To examine the potential efficacy of a brief telephone-based parental intervention in increasing fruit and vegetable consumption in children aged 3–5 years and to examine the feasibility of intervention delivery and acceptability to parents.
A pre–post study design with no comparison group. Telephone surveys were conducted approximately 1 week before and following intervention delivery.
Participants were recruited through pre-schools in the Hunter region, New South Wales, Australia.
Thirty-four parents of 3–5-year-olds received four 30-min interventional telephone calls over 4 weeks administered by trained telephone interviewers. The scripted support calls focused on fruit and vegetable availability and accessibility within the home, parental role modelling of fruit and vegetable consumption and on implementing supportive family eating routines.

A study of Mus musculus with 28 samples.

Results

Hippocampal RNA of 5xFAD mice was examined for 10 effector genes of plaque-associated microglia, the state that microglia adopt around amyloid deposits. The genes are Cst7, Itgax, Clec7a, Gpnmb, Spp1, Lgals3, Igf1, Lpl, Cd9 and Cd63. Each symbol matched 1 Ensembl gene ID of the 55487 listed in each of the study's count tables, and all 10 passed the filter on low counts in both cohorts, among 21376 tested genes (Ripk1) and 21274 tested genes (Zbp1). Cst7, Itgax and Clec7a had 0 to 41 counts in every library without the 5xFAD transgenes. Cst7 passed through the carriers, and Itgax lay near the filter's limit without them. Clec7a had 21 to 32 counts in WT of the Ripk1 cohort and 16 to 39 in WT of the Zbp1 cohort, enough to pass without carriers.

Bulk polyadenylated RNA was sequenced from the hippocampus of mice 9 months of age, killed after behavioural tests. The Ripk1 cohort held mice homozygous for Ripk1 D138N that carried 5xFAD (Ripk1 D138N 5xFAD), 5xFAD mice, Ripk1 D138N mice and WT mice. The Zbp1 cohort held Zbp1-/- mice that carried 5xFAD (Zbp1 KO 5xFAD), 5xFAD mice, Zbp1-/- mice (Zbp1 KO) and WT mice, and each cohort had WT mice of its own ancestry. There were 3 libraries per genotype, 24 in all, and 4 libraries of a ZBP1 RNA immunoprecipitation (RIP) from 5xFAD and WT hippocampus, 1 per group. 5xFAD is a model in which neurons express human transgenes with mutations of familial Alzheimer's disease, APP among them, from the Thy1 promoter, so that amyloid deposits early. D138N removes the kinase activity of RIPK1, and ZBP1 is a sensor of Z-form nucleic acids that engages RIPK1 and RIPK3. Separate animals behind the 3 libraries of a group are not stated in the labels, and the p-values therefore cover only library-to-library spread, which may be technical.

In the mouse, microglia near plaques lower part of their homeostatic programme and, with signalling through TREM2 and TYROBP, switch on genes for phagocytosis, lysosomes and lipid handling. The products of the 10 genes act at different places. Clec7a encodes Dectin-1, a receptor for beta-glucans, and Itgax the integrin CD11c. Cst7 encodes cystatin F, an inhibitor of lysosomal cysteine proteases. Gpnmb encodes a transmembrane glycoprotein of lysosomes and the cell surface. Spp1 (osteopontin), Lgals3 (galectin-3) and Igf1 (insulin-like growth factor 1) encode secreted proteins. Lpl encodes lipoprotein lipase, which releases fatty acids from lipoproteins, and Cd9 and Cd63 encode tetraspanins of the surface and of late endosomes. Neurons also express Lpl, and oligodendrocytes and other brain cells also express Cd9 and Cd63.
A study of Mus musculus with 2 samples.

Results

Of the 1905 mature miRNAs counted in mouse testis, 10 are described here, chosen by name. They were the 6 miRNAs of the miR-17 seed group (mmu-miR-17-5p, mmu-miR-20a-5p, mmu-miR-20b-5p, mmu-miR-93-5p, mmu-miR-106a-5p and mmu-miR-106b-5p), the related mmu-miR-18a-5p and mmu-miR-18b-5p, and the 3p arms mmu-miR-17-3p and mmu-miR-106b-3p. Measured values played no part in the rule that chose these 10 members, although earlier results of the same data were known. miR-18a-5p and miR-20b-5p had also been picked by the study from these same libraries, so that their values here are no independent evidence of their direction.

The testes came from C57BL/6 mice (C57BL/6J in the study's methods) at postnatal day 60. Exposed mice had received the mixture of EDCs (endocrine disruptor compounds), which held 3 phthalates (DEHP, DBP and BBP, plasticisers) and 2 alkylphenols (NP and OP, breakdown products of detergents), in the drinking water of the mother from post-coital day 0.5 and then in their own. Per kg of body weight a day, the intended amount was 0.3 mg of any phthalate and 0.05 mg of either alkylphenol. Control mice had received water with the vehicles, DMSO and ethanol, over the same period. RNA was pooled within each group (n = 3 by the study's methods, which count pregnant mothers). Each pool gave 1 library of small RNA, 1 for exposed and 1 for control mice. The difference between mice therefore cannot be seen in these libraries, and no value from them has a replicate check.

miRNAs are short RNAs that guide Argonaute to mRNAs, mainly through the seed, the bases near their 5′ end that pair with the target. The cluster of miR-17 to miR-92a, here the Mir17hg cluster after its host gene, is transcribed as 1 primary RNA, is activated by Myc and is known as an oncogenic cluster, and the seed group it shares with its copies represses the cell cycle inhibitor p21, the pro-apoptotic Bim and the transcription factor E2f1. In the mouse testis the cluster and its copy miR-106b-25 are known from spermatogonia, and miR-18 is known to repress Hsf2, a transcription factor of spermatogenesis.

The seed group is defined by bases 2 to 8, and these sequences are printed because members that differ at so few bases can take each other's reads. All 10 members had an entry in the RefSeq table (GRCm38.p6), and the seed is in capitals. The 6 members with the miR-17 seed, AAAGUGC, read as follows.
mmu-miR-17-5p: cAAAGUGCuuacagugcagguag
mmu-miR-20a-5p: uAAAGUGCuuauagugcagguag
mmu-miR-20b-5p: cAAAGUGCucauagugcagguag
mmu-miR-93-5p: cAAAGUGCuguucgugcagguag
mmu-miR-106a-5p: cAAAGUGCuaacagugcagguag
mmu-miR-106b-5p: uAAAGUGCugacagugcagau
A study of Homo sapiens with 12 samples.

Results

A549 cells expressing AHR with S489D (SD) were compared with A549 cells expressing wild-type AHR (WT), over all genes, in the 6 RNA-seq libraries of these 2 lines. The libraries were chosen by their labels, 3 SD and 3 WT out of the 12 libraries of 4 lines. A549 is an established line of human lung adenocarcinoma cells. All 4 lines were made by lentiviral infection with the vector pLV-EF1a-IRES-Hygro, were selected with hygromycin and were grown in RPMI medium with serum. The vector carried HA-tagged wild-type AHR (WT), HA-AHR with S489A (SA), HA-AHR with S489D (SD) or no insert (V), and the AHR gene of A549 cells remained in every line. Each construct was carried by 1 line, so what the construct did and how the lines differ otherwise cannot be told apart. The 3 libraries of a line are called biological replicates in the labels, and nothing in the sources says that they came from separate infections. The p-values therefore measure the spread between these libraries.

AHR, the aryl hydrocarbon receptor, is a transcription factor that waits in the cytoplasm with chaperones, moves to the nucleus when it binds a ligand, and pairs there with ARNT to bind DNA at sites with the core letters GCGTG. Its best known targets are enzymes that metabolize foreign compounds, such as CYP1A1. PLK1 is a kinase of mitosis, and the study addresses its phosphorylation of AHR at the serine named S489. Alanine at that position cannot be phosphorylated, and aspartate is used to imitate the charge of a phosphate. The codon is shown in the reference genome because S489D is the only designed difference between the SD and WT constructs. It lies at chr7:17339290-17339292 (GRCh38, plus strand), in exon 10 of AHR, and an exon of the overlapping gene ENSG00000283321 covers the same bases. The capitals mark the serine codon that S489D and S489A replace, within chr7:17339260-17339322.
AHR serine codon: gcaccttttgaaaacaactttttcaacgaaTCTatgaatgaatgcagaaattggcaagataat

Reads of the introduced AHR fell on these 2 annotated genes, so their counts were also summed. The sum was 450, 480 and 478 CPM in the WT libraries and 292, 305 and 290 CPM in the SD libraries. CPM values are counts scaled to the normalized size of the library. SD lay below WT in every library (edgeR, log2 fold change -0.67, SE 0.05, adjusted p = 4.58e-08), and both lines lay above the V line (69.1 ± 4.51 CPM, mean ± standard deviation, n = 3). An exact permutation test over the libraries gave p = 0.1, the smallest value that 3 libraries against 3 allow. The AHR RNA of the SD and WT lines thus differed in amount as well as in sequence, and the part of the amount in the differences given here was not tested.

Following the intervention, the frequency and variety of fruit and vegetable consumption increased (
P= 0·027), as measured by a subscale of the children's dietary questionnaire. The intervention was feasible to be delivered to parents, as all participants who started the intervention completed all four calls, and all aspects of the interventional calls, including the number, length, content, format and relevance, were considered acceptable by more than 90 % of parents. Conclusions
A brief telephone-based parental intervention to encourage fruit and vegetable consumption in pre-school-aged children may be effective, feasible and acceptable. Further investigation is warranted in a randomised controlled trial.